World Health Organisation is gearing up to tackle a disease most commonly known as the ‘silent killer’ … Diabetes.
The WHO’s Global Report on Diabetes released in 2016 reveals how the number of diabetes patients around the world has quadrupled from 108 million in 1980 to a whopping 422 million in 2014.
WHO also dispels the myth that diabetes is only seen in individuals with an affluent lifestyle. The report reveals that more number of diabetic patients are emerging from poor and developing countries such as India. India is infamously known as the diabetic capital of the world and by the year 2030, India will be home to 79,441,000 diabetic patients.
But what exactly is Diabetes and how does WHO aim to tackle this global pandemic?
Not so sweet!
Diabetes is a medical condition where the levels of blood sugar levels are higher than normal due to low production or ineffective use of a hormone named Insulin. Insulin regulates blood sugar and low levels of Insulin can lead to can lead to Hyperglycaemia, or raised blood sugar.
If blood sugar levels are not controlled then a diabetic patient can suffer from complications like poor wound healing and stroke. Diabetes also affects organs like eye, kidneys, nerves and the heart.
- Type 2 diabetes is the most common variant, here the body becomes resistant to insulin.
- On the other hand Type 1 diabetes is a type of diabetes where pancreas produces very little or no insulin.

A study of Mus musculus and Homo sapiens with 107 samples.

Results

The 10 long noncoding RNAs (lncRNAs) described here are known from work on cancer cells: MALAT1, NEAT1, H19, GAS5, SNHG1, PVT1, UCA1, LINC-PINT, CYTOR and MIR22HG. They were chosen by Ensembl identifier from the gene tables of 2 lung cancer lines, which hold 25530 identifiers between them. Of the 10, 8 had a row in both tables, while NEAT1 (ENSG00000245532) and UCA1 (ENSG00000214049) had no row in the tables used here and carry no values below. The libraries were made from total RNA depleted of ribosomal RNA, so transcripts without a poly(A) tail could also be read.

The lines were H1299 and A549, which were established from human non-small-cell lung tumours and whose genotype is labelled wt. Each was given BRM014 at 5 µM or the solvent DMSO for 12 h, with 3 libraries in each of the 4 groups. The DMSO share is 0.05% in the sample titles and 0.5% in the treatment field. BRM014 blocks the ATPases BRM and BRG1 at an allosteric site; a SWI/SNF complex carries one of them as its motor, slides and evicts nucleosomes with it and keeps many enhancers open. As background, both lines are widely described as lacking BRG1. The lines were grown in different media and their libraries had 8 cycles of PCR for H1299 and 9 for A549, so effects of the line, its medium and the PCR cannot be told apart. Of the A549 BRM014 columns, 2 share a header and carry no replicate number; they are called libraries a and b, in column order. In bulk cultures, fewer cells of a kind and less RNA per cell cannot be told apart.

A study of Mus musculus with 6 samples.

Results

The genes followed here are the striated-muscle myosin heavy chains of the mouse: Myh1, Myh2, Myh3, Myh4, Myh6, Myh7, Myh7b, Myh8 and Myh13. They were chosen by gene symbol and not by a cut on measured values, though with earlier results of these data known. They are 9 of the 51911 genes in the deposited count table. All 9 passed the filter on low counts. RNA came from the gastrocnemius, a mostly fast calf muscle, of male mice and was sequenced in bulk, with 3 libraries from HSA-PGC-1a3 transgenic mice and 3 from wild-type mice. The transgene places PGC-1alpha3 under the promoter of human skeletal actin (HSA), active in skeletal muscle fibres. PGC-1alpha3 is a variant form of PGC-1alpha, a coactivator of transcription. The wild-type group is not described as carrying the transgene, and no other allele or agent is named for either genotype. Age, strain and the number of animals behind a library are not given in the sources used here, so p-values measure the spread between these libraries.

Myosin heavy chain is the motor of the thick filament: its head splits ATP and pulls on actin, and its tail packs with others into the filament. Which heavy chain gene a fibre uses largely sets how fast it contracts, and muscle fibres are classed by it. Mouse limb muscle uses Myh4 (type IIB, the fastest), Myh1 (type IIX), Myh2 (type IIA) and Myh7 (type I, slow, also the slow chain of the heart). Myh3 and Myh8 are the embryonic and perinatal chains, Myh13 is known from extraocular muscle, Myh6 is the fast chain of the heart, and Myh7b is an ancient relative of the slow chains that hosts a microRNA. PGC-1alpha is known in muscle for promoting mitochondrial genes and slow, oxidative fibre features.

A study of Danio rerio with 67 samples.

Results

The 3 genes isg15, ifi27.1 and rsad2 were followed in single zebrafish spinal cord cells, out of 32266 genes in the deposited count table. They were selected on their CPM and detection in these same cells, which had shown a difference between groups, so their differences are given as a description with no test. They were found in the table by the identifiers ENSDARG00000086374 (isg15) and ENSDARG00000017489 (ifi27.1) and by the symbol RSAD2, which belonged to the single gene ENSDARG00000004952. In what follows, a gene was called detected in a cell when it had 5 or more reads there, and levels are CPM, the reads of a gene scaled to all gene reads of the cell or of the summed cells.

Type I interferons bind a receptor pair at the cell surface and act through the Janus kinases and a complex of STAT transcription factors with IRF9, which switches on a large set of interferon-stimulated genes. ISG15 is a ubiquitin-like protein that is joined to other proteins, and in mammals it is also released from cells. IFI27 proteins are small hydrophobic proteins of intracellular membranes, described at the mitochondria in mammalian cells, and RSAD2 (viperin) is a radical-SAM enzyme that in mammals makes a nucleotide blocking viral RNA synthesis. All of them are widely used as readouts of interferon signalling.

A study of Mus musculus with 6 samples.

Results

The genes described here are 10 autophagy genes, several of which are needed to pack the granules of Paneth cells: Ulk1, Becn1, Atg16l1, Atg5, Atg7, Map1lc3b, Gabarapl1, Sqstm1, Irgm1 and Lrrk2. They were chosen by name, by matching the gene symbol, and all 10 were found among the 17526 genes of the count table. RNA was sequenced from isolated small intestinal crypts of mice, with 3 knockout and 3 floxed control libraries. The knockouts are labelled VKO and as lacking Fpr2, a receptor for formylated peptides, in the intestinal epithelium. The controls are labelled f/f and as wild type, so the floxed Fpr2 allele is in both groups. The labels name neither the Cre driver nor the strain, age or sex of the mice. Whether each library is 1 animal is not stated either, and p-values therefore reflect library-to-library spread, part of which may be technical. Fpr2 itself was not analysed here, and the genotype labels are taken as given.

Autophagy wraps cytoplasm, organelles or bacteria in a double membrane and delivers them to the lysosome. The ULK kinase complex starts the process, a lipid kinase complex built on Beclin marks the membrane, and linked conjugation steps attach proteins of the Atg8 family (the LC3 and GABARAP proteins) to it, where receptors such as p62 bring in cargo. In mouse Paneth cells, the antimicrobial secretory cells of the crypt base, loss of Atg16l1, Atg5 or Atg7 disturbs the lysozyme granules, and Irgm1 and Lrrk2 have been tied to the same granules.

- The third variant is Gestational diabetes where hyperglycaemia is seen only during pregnancy leading complications during delivery.
Such mothers and their offsprings are at an increased risk of type 2 diabetes. Women with gestational diabetes are at an increased risk of complications during pregnancy and at delivery. They and their children are also at increased risk of type 2 diabetes in the future.
According to World Health Organisation, In 2016, diabetes was the direct cause of 1.6 million deaths and in 2012 high blood glucose lead to 2.2 million deaths.
Governments around the world have committed to 2030 Agenda for Sustainable Development and aim to reduce preventable deaths from diseases like diabetes.
WHO aims to assists all nations by ensuring that all countries have access to low cost diagnostic equipment, cheaper anti-diabetic drugs & insulin vials. WHO will also aim to raise awareness levels of the disease and it’s management among general public.
Diabetes is a preventable disease and simple lifestyle changes can prevent the onset of the disease.
A low carbohydrate diet accompanied with plenty of fruits and green leafy vegetables is best recommended.
2) Don’t be a couch potato:
Adopt a healthy lifestyle, work out for at least 30 mins daily. An overweight individual is more suspectable to turn diabetic
3) Quit the habits:
While smoking can aggravate complications associated with diabetes, drinking alcohol can surge blood sugar levels.
4) Keep a tab:
Regular visit your physician regularly to get your sugar level tested and avoid self medication.